Former PHC professor David Aikman will move from his home in Warrenton, Virginia, to Vicar of Blair, a county in Ireland, in February to be closer to family. When Aikman left PHC two years ago after 10 years as a history professor, he took with him a hope for the future because of the students he taught.
“For me, it was the quality of the students. We, as professors, were dazzled by how good many of them were, and even if they weren’t particularly intellectually talented, what fine personalities they were,” Aikman said. “It was a real pleasure to teach people who wanted to learn and who were curious. It was a remarkable experience.”
Aikman’s career at PHC was unplanned. During a trip to Purcellville, Virginia, Aikman drove past PHC and then went home to research the school and what it stood for. After learning about the classical education model, the Biblical viewpoint, and the desire to shape culture, Aikman met with Dr. Michael Farris, PHC's founder, and was hired on the same day.
“When he decided to come here it was something the college was very excited about,” President Jack Haye said. “In talking to David over the years as a friend, he knew that this was such a unique place with what we were trying to do, especially in looking at history and wanting to be as accurate as we could, while preparing students to think clearly and write well. That was really exceptional to him.”
Senior Giovanna Lastra worked as an academic affairs assistant to Aikman. The time she spent working with him has impacted her well past his time at PHC.
“Dr. Aikman is a man who knows how to balance the practical understanding of being in the world while also knowing the beauty of being a believer and displaying that for the world,” Lastra said. “He inspired me to see that God can work miracles in life, and he made me believe in the world, because he was present during events that were tragic, and he spoke of them in stories that made them beautiful.”
Professor is only one title used to describe Aikman. His career at TIME Magazine spanned 23 years, starting in 1971. Aikman worked as senior foreign correspondent for TIME, as well as bureau chief in Berlin, Jerusalem, and Beijing. He has published nine books, traveled to five continents and 55 countries, and interviewed notables from Billy Graham to Aleksandr Solzhenitsyn.
“I claim no credit for getting the interview either,” Aikman said. “I just happened to be at the Washington bureau, and just happened to be a Russian speaker, and the editor got a call and asked me if I’d like to go and do it. I said, ‘Boy, would I like to.’ It was an interesting time; the student protests were going on in China, and I got up to Vermont two days before I was flying off to China to cover what would become the Tiananmen Square Massacre, so it was quite a dislocation of scenes.”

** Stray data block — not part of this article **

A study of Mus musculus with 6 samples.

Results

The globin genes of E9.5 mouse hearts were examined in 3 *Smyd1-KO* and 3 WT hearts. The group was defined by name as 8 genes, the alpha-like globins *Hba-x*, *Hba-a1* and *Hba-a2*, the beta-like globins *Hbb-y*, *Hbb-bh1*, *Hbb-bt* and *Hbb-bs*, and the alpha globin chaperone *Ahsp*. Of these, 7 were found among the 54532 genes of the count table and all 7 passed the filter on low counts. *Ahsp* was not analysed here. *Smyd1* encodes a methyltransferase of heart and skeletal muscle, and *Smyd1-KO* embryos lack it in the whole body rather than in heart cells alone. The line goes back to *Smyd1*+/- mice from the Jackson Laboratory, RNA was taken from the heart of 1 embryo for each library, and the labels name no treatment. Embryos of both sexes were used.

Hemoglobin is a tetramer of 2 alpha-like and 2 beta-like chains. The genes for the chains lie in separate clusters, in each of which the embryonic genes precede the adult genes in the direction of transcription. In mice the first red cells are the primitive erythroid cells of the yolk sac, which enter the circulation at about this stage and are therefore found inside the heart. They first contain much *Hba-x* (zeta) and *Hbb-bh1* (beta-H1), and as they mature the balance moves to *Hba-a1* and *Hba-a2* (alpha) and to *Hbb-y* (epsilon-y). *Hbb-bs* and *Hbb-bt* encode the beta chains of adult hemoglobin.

In his 2002 book Great Souls, Aikman named six people throughout history he deemed substantial in history, among them Solzhenitsyn, Mother Teresa, Nelson Mandela, and Billy Graham, who Aikman interviewed twice.
“The second time I interviewed Billy Graham, I flew into South Carolina, and I expected him to send someone to pick me up, but I came out, and he was sitting in arrivals with a sort of southern looking hat on to hide the fact that one of the most famous evangelicals in the world was sitting there, waiting for me, some unimportant reporter,” Aikman said.
It is his spirit of humility that those who know Aikman find remarkable about him, along with an infamous reputation for being a tough foreign correspondent. Here at PHC, however, it is his graciousness that most impressed Dr. Mark Mitchell, Government Department Chairman.
“There’s a kind of art to accepting help graciously, and he exemplifies that,” Mitchell said. “The time or two I was fortunate enough to help him out, he’d smile, and there was a lightness to his attitude and a graciousness that was striking.
Whether reporting in a helicopter above Vietnam, interviewing African warlords in their homes, or being chased by the KGB on an assignment in Russia, Dr. Aikman has used a storied life and career to tell the truth about the world, and that truth is his lasting legacy here at PHC, a legacy that will follow him wherever he goes.
“Being a reporter is like being a fly on the mixing bowl of history,” Aikman said. “I did not want to be a journalist, that is no secret, but I always wanted to be close to the events happening and I have been. There’s no way I could have predicted that this would happen, but I suppose that’s all of life. You take a leap of faith and from there you just go.”
Reporting courtesy of PHC's The Herald.